It is common for total parenteral nutrition (TPN) bags for children to be custom made, starting with a base dextrose solution and then amino acids (AA) and other nutrients added. This process allows for precise delivery of individualized specific content to each patient. However, each additive presents an opportunity for error or microbial contamination and the compounding process is expensive. While a variety of standard pre‐mixed TPN solutions are available and used by adult patients, this practice is rare in pediatrics. Adult data has demonstrated that commercial pre‐mixed solutions can meet a majority of TPN needs while reducing cost, error, and infection. We were interested to see if pediatric TPN orders are similar to adult orders in that a few standard base solutions of dextrose and AA would satisfy most patients’ needs. Additionally, we wanted to compare the composition of these solutions and see how similar they were to current commercially available pre‐mix TPN solutions.
We retrospectively identified children 1yr‐18yrs of age needing TPN at a tertiary care children’s hospital between September 2010 and September 2013. Excluded were patients with complex chronic medical conditions requiring TPN such as short gut patients, patients on dialysis etc. The initial TPN order was reviewed for dextrose and AA content. The results were analyzed to see how much variation existed between these TPN orders. Furthermore, TPN compositions were compared to standard bags already produced commercially.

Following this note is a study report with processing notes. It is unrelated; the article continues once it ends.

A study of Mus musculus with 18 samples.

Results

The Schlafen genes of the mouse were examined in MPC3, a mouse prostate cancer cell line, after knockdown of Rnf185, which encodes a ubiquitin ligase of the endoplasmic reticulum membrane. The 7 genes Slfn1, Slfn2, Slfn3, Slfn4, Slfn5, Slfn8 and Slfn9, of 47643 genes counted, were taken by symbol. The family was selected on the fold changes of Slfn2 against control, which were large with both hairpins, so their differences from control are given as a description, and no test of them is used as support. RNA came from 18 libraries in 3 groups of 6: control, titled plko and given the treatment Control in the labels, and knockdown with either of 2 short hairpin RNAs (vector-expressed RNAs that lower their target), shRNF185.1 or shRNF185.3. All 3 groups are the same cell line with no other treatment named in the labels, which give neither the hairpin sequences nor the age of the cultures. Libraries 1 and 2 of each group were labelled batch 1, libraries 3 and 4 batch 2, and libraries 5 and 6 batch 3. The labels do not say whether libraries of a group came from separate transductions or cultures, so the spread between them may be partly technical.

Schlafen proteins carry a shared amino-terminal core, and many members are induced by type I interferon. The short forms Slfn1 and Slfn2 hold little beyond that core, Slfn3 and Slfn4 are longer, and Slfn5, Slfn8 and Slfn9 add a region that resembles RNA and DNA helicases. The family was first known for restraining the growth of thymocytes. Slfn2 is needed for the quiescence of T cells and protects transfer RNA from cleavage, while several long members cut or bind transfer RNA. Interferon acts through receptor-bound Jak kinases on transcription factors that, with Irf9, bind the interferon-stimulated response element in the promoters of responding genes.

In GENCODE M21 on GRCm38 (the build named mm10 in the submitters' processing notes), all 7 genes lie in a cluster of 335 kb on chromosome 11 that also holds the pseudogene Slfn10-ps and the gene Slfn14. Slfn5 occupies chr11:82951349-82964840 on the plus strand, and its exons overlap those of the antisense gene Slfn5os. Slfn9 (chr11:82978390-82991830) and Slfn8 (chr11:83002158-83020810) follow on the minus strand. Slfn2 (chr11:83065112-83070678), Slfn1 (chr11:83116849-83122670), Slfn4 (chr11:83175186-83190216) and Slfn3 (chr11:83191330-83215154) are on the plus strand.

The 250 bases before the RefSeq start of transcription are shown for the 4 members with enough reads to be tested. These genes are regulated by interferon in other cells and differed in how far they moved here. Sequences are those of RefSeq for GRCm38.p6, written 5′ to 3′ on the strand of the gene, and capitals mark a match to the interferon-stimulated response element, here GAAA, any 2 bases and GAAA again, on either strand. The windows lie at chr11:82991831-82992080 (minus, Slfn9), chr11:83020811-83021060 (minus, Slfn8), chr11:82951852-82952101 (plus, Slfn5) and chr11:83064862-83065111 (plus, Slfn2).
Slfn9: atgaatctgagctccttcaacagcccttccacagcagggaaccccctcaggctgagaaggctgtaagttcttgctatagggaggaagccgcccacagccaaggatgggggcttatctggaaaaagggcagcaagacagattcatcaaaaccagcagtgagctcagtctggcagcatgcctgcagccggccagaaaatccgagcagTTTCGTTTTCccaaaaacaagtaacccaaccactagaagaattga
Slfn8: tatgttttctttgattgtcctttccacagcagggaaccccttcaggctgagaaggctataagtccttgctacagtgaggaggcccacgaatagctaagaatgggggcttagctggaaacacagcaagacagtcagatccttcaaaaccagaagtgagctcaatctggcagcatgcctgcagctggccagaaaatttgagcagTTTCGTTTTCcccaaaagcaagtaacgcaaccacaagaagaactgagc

Of 160 eligible patient charts reviewed, 100 met inclusion criteria. Of these charts, there was very little variation in TPN composition. Largely, central TPN composed of Dextrose 20% and AA of 3%. Peripheral TPN was largely Dextrose 12.5% and AA 2.2% or 3%. These 3 base solutions met 82% of TPN orders. There are no commercially available products in the US with these dextrose and AA compositions.
Three standard TPN solutions would have met >80% of initial TPN orders at a larger tertiary care children’s hospital. These 3 compositions are the default choices under ‘standard’ in the electronic medical record which probably influenced ordering. Currently, commercially available products have a higher AA content than what is used at our hospital but is similar to what is used at some other facilities. There may be a market for pediatric standard pre‐mixed TPN that could produce cost savings and improve safety.
To cite this abstract:Singh A, Rauch D. Commercial Premixed Parenteral Nutrition and Its Potential Role in Pediatrics. Abstract published at Hospital Medicine 2014, March 24-27, Las Vegas, Nev. Abstract 93. Journal of Hospital Medicine. 2014; 9 (suppl 2). https://www.shmabstracts.com/abstract/commercial-premixed-parenteral-nutrition-and-its-potential-role-in-pediatrics/. Accessed January 28, 2020.